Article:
Simple Filter for Brewing





Introduction: Simple Filter for Brewing

About: The answer is lasers, now, what was the question? If you need help, feel free to contact me. Find me on Reddit, Tumblr and Twitter as @KitemanX

Home brewing beer is a great hobby - once you've got the equipment, you can churn out personalised, delicious craft beers for half the price of bottled ales from the supermarket, or a third, even a quarter of pub prices.

Last time I brewed a batch, I had trouble filtering the hops from the mash before I added the yeast. I had to employ an extra pair of hands to hold the filter.

This time*, my helper was busy with homework, so I decided to sacrifice some kitchenware to create a filter holder.

(*Latest batch of beer)

Step 1: What You Need...

This is a really simple project - all you need is a cheap plastic jug and a drill.

Step 2: The Make

Er... drill a load of holes in the bottom of the jug. That's it.

However, you need to be careful, because the bottom of my jug turned out to be quite brittle, possibly due to age. This means I ended up with an untidy, cracked mess of a jug. This is OK for me, but if I was making one for a friend, I might use a smaller bit and take more time drilling.

Once the loose scraps of plastic were cleaned off with a small knife, all I needed to do was put the filter bag inside the jug, and I was ready.

Step 3: Using and Modifying

I used this filter holder twice in the same brew.

It worked well, I held the filter in one hand, and scooped the hop-laden mash from the pan with another jug. But the hops held on to the liquid, and drainage took a while, so before I used it again, I grabbed a pair of shears and cut a gap in the bottom of the handle.

This meant I could hang the filter on the side of the brew barrel, and (carefully) use both hands to pour the wort directly from the pan into the filter, then leave the filter to drain into the barrel while I got on with cleaning and tidying up.


The perforated jug is now sitting in my brewing cupboard, with the cleaned filter folded inside, ready for next time.




    If you haven't realised, I've entered this in the Homebrew Contest - a simple click on the voting tab would earn my eternal gratitude...

    Why not use a hop sock? Or a strainer that fits on top of the bucket?

    I make homemade wine and I found that you can make your own filter bag as well. It can made out of sheer curtain material from a fabric store, an old pair of sheer curtains that you don't use anymore, or a pair from the thrift store would work great at very little cost. Make your own pattern on paper and then cut out two pieces by folding the material and pinning the pattern to it. If you feel really inspired even make a channel for a drawstring at the top when you sew it up. Just take a measuring tape and get the circumference of your bucket then add about 2 more inches to it so that you can slip it over the top the bucket and allow for 1/2in. seams Half of that measurement will be the top of the bag on your pattern. Measure the depth of the bucket and add about 5 extra inches. That will give you 1/2 in. for the bottom seam and to turn that seam up one more time, and sew it, for extra strength, the balance of the material allows for the top of the bag to be turned down into a 1/2 in seam or a little larger if you want to add a drawstring in the top, it also leaves extra inches to hang over the top of the bucket so you can pour ingredients in without it falling into the bucket. I made mine to decrease in at the bottom of the bag by making each side slim down to 3inches less on each side than the top measurement. That allows for the juice to have room around the bag, if you stir it the first week. I sanitize the bag along with all my other impliments prior to starting to make my wine, the nylon curtain material doesn't seem to absorb the fruit or stains like cotton does, so it rinses clean quickly. Another plus is that you can just snap down the lid to the bucket over it, and because the material is so sheer it takes up almost no space. The material is also very strong so you can really sweeze it hard to get out the juices when the time comes to remove the must.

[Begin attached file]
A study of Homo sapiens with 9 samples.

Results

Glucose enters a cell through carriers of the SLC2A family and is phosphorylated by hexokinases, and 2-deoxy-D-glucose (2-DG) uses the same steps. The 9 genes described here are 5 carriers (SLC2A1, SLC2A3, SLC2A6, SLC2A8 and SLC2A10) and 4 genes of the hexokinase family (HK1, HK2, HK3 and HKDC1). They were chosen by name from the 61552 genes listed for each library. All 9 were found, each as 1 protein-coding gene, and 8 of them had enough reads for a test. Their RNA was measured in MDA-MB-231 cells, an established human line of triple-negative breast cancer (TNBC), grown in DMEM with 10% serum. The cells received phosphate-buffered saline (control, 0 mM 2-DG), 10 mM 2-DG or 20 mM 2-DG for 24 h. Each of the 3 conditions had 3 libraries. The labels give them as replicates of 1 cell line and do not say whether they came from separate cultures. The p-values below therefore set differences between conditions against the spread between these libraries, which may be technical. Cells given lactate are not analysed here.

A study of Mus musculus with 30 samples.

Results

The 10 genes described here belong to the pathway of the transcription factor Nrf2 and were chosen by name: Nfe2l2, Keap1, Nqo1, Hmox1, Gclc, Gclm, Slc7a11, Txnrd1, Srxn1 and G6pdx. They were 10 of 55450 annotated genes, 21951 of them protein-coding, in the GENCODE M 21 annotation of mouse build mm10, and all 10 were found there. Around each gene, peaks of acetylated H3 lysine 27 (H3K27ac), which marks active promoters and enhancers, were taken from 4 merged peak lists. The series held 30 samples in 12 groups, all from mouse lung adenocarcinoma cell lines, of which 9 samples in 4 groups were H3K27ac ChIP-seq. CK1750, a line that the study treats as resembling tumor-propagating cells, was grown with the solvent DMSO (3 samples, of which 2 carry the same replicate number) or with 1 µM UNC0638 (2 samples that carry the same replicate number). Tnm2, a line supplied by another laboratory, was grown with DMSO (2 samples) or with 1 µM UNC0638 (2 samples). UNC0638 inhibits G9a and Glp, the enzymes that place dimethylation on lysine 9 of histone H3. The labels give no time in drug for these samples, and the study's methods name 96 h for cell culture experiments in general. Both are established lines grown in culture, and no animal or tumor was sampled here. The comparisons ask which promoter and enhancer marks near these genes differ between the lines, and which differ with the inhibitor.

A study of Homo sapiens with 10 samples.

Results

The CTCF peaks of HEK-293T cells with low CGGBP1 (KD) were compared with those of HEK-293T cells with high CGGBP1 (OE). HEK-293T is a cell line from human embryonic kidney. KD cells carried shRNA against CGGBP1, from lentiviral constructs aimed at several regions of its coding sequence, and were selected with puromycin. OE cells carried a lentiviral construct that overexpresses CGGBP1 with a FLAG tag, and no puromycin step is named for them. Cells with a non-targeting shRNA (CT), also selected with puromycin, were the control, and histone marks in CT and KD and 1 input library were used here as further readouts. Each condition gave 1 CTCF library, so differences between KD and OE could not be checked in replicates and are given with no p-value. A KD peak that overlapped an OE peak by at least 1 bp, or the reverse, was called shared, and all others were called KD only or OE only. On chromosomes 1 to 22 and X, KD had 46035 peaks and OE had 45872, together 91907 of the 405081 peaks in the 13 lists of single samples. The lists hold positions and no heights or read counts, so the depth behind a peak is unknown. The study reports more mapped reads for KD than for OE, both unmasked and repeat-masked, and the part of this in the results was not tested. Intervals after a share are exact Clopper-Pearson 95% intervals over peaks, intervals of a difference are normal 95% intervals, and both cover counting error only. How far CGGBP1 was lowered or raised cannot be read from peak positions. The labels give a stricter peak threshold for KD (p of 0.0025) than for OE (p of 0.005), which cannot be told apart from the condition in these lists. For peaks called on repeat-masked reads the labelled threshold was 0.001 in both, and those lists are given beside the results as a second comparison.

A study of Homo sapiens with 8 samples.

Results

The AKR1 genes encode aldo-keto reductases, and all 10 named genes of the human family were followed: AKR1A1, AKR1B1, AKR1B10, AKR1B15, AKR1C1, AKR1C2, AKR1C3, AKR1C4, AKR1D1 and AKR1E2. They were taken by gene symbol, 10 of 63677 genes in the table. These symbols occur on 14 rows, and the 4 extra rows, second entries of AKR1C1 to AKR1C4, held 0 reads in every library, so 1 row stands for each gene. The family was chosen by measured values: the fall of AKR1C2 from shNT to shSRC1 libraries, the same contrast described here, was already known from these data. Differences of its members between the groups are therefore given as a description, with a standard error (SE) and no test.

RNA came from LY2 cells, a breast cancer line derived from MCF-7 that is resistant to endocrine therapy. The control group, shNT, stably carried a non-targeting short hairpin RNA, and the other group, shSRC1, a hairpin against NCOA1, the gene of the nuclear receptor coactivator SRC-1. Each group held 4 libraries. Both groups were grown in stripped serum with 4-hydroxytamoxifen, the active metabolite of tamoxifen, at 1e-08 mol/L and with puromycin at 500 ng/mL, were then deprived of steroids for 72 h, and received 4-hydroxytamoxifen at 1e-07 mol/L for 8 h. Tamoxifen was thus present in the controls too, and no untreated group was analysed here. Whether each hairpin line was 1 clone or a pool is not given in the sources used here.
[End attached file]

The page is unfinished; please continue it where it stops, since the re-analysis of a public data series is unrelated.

9 replies

    You really think so? I didn't take any photos when I made mine though. I guess that I could fake it by taking pics of measuring and making a new pattern etc. Then show the finished bag in a photo. What do you think?

    Worth a try, or you could make a whole new one for a spare, or as a gift for a fellow wine-maker?

    I made an instructable on Adapted Inmate wine - I don't know if you can make more than one entry or not in the contest. Either way it's okay - I just wanted to share the how tos with everyone so they can make wine easily and cheaply. lol Maybe I'll make one on the bag later just for fun if there is a limit to entries to the contest. Good luck on your entry.

    Thanks, They may not even accept the one that I submitted as the email that they sent me says if you don't hear back in one day that means you didn't meet the contest requirments. I submitted it last night and haven't heard anything as yet about it being accepted. Maybe it wasn't good enough. I should know for sure by tomorrow. Just have to wait and see. At any rate - I'm going to enjoy some of that wine and not worry about it. lol Good luck with yours - I voted for you.

    I forgot to add that I really liked the idea of clipping the handle to make it slip over the top of the bucket too. You could also use a souldering iron to burn the holes into your strainer that you made. That would allow you to control the size of your hole, and it might not mess up the bottom even if it was brittle from age. Just a thought. Great job.

    Hello! How would you recommend sanitizing the filter if it's done post-boil? Just dip it in StarSan?

    1 reply

    I just soaked it in a jug of hot water with a generic chlorine-based sterilising powder dissolved in it.